Coming in a bit late, but there is some important context that helps explain why the UK has done this.
First, the UK is involved in a complex, dynamic, set of international negotiations, both in the EU and in the UNFCCC on climate change. The logic is that because climate change is a global issue (all molecules are created equal), the end goal is to have the issue addressed by all the major emitters and potential emitters – countries to which emitting activity might relocate.
This is definitely not a one-shot negotiation, nor is it a zero sum game.
So it is all about building trust and trustworthiness on all sides. It is also about maximising the gains from trade that can then be shared (the hackneyed “win-win situation”).
This means that the high-income countries (and that includes us as well) have to demonstrate a willingness to incur costs as a way of building trust on the part of the low-income but high actual or potential emitting countries, who will also have to incur costs if a truly effective international solution is to be found.
(BTW, this is why the NZ Institute’s idea of NZ being a “fast follower” got up the nose of some politicians: it was exactly the wrong signal to send to the international negotiations.)
On the EU side, the EU has made an in-principle decision to bring aviation into their emissions trading scheme. So again, the UK is showing “leadership” (building trust) as a way of getting the rest of the EU into the mood to address the issue.
While difficult to quantify, I can see a lot in this line of argument. The rich countries are going to have to put on their hair shirts for a while. The trick is to only have to do so for long enough to make the international negotiations work.
The other reasons are far less convincing and smack of pretty bad government failure to me. They include:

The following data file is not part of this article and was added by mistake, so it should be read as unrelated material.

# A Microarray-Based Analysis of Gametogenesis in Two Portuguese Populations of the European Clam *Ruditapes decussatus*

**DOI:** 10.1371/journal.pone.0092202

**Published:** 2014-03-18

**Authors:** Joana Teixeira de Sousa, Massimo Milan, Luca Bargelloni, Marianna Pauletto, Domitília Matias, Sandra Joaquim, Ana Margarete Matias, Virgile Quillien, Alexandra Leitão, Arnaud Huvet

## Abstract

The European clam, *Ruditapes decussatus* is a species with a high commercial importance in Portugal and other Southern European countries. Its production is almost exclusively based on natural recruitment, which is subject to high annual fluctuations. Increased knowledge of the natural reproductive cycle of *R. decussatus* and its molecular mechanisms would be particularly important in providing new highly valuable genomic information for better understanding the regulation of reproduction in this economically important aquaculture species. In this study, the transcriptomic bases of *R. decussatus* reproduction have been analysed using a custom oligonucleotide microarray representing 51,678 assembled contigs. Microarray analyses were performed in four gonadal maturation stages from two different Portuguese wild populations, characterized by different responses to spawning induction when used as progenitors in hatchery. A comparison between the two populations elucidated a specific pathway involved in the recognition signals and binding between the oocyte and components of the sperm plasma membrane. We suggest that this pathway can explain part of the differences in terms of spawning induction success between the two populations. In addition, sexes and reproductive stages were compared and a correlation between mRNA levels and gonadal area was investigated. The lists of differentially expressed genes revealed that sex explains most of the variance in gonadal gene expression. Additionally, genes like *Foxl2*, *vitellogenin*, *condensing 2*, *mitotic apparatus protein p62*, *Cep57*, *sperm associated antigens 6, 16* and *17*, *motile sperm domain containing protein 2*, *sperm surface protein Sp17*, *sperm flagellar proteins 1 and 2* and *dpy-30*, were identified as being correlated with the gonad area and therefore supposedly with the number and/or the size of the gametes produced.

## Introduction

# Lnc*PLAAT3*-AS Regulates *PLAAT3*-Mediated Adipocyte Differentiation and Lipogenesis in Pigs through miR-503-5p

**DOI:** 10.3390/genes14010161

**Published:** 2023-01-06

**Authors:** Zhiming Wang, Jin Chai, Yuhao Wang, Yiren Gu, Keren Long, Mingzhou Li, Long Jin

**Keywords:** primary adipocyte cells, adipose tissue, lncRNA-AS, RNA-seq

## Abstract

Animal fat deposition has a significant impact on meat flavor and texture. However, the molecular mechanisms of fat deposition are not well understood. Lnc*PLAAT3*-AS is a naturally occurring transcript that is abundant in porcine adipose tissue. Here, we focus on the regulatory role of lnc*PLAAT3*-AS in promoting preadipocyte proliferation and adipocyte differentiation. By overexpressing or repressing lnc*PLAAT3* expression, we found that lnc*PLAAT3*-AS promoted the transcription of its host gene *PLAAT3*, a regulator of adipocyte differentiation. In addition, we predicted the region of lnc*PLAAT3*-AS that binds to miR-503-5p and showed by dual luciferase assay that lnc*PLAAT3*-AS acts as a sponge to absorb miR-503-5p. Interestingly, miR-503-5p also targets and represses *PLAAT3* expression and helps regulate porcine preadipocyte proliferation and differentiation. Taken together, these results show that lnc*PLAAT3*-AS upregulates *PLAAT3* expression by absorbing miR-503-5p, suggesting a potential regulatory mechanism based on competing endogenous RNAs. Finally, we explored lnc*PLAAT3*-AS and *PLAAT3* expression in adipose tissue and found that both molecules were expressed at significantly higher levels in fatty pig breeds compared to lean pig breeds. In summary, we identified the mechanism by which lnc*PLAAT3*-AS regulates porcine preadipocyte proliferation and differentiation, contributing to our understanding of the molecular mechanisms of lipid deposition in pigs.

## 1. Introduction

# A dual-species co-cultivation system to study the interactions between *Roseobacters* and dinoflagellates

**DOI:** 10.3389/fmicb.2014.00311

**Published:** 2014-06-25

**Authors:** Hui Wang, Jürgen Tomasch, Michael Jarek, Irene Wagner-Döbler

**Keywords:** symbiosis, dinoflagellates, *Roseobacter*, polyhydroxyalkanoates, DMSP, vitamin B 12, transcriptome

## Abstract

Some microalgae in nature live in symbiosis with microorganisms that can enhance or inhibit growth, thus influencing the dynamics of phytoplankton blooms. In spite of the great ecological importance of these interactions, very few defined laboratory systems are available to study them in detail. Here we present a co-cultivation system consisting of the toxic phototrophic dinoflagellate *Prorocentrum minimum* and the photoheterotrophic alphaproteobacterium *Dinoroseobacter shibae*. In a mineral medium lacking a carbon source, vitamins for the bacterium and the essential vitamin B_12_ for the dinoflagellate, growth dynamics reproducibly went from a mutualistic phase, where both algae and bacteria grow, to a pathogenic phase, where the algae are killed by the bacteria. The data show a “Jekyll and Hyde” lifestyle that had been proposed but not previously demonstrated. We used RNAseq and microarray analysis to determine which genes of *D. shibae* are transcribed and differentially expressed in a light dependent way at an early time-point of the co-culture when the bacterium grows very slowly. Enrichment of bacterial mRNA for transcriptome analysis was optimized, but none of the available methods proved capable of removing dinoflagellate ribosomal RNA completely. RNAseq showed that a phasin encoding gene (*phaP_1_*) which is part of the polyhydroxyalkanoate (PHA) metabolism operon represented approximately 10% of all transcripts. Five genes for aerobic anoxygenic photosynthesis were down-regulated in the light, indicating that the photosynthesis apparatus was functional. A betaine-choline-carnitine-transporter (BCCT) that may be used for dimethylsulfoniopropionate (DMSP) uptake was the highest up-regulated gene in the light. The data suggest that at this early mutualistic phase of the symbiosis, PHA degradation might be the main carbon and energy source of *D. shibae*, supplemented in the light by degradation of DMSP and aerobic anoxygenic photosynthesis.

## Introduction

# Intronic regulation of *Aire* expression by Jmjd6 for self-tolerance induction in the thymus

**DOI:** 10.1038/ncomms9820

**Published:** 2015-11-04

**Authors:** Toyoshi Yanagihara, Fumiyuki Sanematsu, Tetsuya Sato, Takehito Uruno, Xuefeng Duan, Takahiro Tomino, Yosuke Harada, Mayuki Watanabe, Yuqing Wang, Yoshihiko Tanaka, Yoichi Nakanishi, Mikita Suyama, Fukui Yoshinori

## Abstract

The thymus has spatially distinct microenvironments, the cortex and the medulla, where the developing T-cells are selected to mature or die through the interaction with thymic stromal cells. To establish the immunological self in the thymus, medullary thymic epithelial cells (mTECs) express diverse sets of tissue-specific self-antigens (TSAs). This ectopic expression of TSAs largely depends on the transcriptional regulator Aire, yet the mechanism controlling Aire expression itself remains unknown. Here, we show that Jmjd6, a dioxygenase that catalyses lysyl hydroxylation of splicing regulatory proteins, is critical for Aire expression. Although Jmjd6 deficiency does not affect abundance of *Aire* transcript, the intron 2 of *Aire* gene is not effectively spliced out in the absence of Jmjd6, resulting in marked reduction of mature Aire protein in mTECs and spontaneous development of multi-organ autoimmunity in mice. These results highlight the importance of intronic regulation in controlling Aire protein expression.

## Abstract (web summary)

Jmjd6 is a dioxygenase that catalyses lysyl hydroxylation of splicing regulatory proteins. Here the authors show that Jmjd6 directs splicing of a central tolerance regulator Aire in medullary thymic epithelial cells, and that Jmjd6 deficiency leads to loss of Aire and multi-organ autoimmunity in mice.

a) The UK has just passed a Climate Change Bill that imposes binding, unilateral, emissions reduction targets on the UK (again, partly as a major signalling point to the international negotiations). During the parliamentary processes, the Labour back-bench wanted to include international aviation and shipping, even though they are, as of now, outside the UNFCCC’s scope. Partly about level playing fields (if domestic activity is going to be subject to restrictions, need to try and the international stuff in), partly about influencing negotiations and partly about addressing domestic political concerns (long-haul international travellers, especially of the high-income type, are getting some stick in the UK for being environmentally irresponsible).
So given that international travel is no included within the total UK emissions cap, a measure is needed to apply a price signal.
Now, as others have pointed out, there are other ways to do this, but since the political goal was to show that the parliament was listening to community concerns about rich pricks (to coin a term).
b) there is a strong push in the UK to apply instruments at the individual level, as a way of building “community” (this is the point were we start singing Vera Lynn songs and tell stories about the good old days of the Blitz). One particularly silly idea was that each person would get an individual “carbon credit card” that would include their portion of the UK’s Kyoto allowance and who have to use it whenever they purchased anything with a carbon footprint. If you used up your allowance, you would have to go and purchase a “top up”. The compliance costs were horrendous.
So putting the price of carbon on in a very transparent, but high cost and potentially ineffective manner is part of this trend.